In North America, Bufflehead use flicker (some woodpecker species) nest holes for breeding. In captivity they will adopt log nest boxes, ideally set on a pole over water. The ducklings are difficult to rear, and can be provided with live food to encourage them to feed, though it might be a challenge to then wean them off it.
This tiny, attractive seaduck is a congener of (belonging to the same genus as) the goldeneyes; all 3 species are less marine than some in this tribe. The Bufflehead is a widespread breeding bird in Canada and there are a few small colonies in north-west USA. Their preferred breeding habitats are inland; small freshwater ponds among trees. Most winter on the sea, on both the Atlantic and Pacific coasts. Vagrants have occasionally reached the British Isles.
Energetic, active birds, they spend much of their time diving for food. In captivity they do best on clean, deep and preferably running water, and they require a specialist high-protein pelleted diet. They are not regarded as easy to breed, but they do nest regularly in some collections where conditions are to their liking. Despite their diminutive size they are remarkably hardy.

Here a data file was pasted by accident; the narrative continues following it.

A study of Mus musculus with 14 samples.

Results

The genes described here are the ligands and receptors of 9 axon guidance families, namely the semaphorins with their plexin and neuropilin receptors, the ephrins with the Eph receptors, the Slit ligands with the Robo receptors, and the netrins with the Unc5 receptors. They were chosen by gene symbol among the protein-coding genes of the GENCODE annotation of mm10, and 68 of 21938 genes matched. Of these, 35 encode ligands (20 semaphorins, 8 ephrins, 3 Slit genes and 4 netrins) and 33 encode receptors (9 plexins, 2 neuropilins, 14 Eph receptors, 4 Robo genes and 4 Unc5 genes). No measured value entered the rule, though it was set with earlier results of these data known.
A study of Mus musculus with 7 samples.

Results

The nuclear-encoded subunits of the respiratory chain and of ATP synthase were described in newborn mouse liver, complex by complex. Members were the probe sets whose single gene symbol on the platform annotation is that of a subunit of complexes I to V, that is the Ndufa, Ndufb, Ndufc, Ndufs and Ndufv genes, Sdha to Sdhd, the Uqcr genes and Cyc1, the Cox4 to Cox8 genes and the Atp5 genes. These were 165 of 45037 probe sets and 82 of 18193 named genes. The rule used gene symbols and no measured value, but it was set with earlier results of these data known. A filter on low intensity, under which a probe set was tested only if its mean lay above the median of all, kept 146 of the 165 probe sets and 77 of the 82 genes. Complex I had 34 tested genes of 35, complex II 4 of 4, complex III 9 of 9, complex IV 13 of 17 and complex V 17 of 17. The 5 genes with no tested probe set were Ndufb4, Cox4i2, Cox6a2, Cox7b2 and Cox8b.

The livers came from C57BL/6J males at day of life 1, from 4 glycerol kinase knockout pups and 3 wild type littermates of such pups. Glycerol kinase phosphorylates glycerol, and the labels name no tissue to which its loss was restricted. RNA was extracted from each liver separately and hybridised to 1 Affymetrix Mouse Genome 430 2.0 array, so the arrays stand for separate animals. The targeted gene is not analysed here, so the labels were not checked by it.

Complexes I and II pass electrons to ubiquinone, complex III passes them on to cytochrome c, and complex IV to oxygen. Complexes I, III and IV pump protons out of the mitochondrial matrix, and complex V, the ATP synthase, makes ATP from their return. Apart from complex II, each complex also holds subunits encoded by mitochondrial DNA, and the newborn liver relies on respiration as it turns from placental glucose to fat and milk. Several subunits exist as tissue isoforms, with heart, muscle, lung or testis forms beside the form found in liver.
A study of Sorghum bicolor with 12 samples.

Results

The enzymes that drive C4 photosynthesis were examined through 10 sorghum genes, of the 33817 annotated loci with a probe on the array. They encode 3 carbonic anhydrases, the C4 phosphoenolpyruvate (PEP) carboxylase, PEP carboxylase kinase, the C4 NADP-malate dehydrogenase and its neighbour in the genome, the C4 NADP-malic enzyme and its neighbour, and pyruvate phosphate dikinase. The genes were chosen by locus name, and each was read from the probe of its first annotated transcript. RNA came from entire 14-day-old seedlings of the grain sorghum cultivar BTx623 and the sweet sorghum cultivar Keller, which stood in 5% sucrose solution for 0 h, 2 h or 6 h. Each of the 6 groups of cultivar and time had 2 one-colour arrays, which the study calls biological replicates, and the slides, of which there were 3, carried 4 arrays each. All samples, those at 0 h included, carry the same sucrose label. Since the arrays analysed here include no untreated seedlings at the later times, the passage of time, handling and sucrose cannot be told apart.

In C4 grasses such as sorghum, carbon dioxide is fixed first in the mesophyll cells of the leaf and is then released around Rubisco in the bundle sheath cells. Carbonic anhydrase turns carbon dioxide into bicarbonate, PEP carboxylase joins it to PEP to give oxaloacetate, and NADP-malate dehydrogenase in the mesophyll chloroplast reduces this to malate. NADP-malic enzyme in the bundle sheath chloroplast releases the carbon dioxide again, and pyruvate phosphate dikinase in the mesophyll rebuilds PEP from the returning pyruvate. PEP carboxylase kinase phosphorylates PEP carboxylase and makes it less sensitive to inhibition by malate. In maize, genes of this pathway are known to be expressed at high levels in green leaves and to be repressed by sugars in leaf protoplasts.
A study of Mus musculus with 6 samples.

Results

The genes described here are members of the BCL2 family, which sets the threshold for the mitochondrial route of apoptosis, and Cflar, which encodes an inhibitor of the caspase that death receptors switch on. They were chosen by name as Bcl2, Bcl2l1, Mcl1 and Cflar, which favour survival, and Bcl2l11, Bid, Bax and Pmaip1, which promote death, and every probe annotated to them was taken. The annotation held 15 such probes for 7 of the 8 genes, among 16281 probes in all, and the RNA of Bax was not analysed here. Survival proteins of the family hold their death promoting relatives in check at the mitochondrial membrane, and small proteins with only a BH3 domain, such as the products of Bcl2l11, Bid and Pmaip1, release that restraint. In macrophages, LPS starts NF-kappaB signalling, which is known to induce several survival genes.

Bufflehead like to nest in tree holes near water, often several metres up. Their eggs are quite small; clutches are between 5 and 11. Incubation is 29 to 31 days by the duck alone, who tends the ducklings until they fledge. In the wild, broods may merge, with stray ducklings being readily accepted into the crèche. The drake deserts during incubation.